More Women Than Men Develop HF or Die After STEMI

Surveillance and intervention strategies are needed to prevent heart failure before it occurs, researchers say.

More Women Than Men Develop HF or Die After STEMI

Women are more likely than men to develop heart failure (HF) both during and after STEMI and are also more likely to die, according to a large Canadian study. The increased risk was not seen among women with NSTEMI.

The findings suggest that while “differences in outcomes have slowly narrowed over time and improved, they’re still not zero yet,” said lead author Justin A. Ezekowitz, MBBCh, MSc (University of Alberta, Canada). He added that few prior studies looking at gender disparity have focused on post-MI HF risk.

In the paper, published online November 30, 2020, ahead of print in Circulation, Ezekowitz and colleagues say that in addition to better treatment strategies, there is a need for longitudinal surveillance and intervention before HF develops in those most at risk, particularly women.

Not surprisingly, women in the study were more likely than their male counterparts to be older and to have a more complicated medical history but less-severe disease on angiography. When Ezekowitz and colleagues looked at medication prescribing, they found that women were less likely than men to be receiving beta-blockers, ACE inhibitors or ARBs, lipid-lowering agents, or P2Y12 receptor antagonists. Women also were less likely to undergo diagnostic angiography and were less often attended to in the hospital by a cardiovascular specialist, regardless of their MI presentation.

Ezekowitz said while the older age and geographic availability of specialists may explain some of the latter, this can have important implications for follow-up care.

“If somebody is seen in the hospital by a cardiovascular specialist, they're also then more likely to be seen as an outpatient by a cardiovascular specialist,” he noted.

Higher Death Rates for Women at 1 and 5 Years

For the study, Ezekowitz and colleagues examined outcomes data for 45,064 patients hospitalized between 2002 and 2016 with a first STEMI or NSTEMI and followed for at least 5 years after discharge. Compared with men, women were about 10 years older and had more comorbidities, including cerebrovascular disease, chronic obstructive pulmonary disease, hypertension, and A-fib. Regardless of whether they presented with STEMI or NSTEMI, men were more likely than women to undergo PCI or CABG.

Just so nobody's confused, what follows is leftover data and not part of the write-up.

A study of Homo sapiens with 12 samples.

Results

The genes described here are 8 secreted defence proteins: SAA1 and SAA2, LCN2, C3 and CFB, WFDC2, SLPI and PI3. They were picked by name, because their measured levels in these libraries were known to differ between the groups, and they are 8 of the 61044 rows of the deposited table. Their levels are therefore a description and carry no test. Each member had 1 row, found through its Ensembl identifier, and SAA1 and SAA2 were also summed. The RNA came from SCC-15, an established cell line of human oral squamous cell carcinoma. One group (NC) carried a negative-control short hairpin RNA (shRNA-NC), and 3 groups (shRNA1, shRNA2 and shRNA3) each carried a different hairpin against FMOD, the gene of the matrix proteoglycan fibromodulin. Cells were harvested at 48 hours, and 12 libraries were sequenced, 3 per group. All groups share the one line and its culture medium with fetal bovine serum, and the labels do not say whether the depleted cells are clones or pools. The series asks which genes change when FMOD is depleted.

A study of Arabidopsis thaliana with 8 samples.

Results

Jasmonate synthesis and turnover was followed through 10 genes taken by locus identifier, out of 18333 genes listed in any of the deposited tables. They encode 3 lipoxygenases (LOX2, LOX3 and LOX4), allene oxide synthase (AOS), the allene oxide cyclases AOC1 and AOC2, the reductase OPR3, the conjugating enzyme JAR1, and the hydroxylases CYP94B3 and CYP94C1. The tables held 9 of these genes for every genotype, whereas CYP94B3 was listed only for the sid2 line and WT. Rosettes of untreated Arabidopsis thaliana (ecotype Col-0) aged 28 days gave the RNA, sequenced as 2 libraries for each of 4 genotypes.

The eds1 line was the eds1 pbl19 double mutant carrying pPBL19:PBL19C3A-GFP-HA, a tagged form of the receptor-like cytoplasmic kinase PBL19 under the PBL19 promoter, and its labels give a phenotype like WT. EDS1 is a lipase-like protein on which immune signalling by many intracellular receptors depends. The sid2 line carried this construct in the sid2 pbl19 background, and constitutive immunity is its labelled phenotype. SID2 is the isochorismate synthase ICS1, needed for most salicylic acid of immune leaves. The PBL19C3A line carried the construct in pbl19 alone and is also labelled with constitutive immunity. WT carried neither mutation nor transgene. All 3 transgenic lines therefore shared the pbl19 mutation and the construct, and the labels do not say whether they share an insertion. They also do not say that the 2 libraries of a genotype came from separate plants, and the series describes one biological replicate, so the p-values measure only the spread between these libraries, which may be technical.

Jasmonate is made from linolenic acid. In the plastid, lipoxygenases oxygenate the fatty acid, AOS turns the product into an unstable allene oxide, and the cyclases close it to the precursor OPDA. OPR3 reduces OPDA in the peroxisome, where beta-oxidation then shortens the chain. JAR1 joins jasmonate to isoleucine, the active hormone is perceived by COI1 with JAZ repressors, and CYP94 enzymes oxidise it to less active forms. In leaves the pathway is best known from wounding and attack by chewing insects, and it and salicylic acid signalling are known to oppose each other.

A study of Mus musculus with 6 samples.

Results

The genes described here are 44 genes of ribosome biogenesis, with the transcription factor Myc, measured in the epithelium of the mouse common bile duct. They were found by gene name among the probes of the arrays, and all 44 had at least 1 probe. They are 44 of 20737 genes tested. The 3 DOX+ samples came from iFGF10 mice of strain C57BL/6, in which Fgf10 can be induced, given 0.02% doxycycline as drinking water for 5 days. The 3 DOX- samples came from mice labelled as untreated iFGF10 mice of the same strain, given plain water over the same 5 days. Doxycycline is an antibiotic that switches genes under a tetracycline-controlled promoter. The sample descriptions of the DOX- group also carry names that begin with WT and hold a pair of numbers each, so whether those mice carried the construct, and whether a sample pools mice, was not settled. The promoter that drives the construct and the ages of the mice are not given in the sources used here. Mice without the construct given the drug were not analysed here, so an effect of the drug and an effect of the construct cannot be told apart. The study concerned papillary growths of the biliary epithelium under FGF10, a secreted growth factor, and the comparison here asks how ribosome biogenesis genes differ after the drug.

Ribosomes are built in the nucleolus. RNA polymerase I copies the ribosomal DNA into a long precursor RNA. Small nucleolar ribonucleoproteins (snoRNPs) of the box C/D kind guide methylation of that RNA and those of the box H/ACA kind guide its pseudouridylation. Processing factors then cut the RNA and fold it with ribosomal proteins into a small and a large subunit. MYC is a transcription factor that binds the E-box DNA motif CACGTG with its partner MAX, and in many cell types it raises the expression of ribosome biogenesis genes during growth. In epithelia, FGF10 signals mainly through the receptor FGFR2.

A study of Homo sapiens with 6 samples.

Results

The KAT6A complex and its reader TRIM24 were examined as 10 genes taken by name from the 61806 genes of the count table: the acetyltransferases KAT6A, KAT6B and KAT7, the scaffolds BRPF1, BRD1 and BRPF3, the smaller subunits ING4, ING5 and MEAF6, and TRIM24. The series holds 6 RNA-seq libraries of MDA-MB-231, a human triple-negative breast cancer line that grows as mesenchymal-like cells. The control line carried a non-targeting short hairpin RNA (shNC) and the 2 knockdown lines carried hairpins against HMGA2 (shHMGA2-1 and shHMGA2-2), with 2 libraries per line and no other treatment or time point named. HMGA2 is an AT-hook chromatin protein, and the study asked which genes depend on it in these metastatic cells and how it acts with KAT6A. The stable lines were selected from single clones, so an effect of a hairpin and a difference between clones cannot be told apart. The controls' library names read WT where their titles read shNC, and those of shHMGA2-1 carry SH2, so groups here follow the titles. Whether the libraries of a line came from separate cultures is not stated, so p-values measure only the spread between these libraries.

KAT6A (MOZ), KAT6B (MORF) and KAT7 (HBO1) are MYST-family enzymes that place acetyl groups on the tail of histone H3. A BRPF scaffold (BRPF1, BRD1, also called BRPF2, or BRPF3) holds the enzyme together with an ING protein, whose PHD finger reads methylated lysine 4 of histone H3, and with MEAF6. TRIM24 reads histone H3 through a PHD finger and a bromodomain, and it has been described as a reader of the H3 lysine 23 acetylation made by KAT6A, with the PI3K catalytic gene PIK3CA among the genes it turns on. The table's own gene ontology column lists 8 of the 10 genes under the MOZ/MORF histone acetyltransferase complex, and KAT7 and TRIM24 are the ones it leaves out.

Women who did undergo angiography were less likely than men to have left main disease, two-vessel with proximal left anterior descending disease, or three-vessel disease compared with men (33.4% vs. 40.9%; P < 0.0001), and they more likely to have single-vessel disease or nonobstructive CAD (39.6% vs. 29.1%; P < 0.0001).

In-hospital mortality was higher for women than men in patients with STEMI (9.4% vs 4.5%) and in those with NSTEMI (4.7% vs 2.9%; P < 0.0001 for both). The higher mortality rate for women remained significant for STEMI after adjustment (adjusted OR 1.42; 95% CI 1.24-1.64) but was no longer significant for NSTEMI. After discharge, all-cause mortality rates were 24.6% in women with STEMI versus 14.5% in men with STEMI; with NSTEMI, the rates were 29.9% versus 20.2%, respectively (P < 0.0001 for both).

Rates of in-hospital HF were higher for women than men for both STEMI (adjusted OR 1.26; 95% CI 1.13-1.40) and NSTEMI (adjusted OR 1.20; 95% CI 1.1-1.32). At 5 years following discharge for the index event, hospitalization for HF had occurred in 22.5% of women versus 14.9% of men with STEMI, and in 23.2% of women versus 15.7% of men with NSTEMI (P < 0.0001 for both). There were no differences, however, between women and men for risk of hospitalization for MI or stroke after discharge from the index MI.

“Given its frequency, further attention should be paid to all patients with acute coronary syndromes for the prevention of future HF outcomes,” Ezekowitz and colleagues say.

  • Ezekowitz reports no relevant conflicts of interest.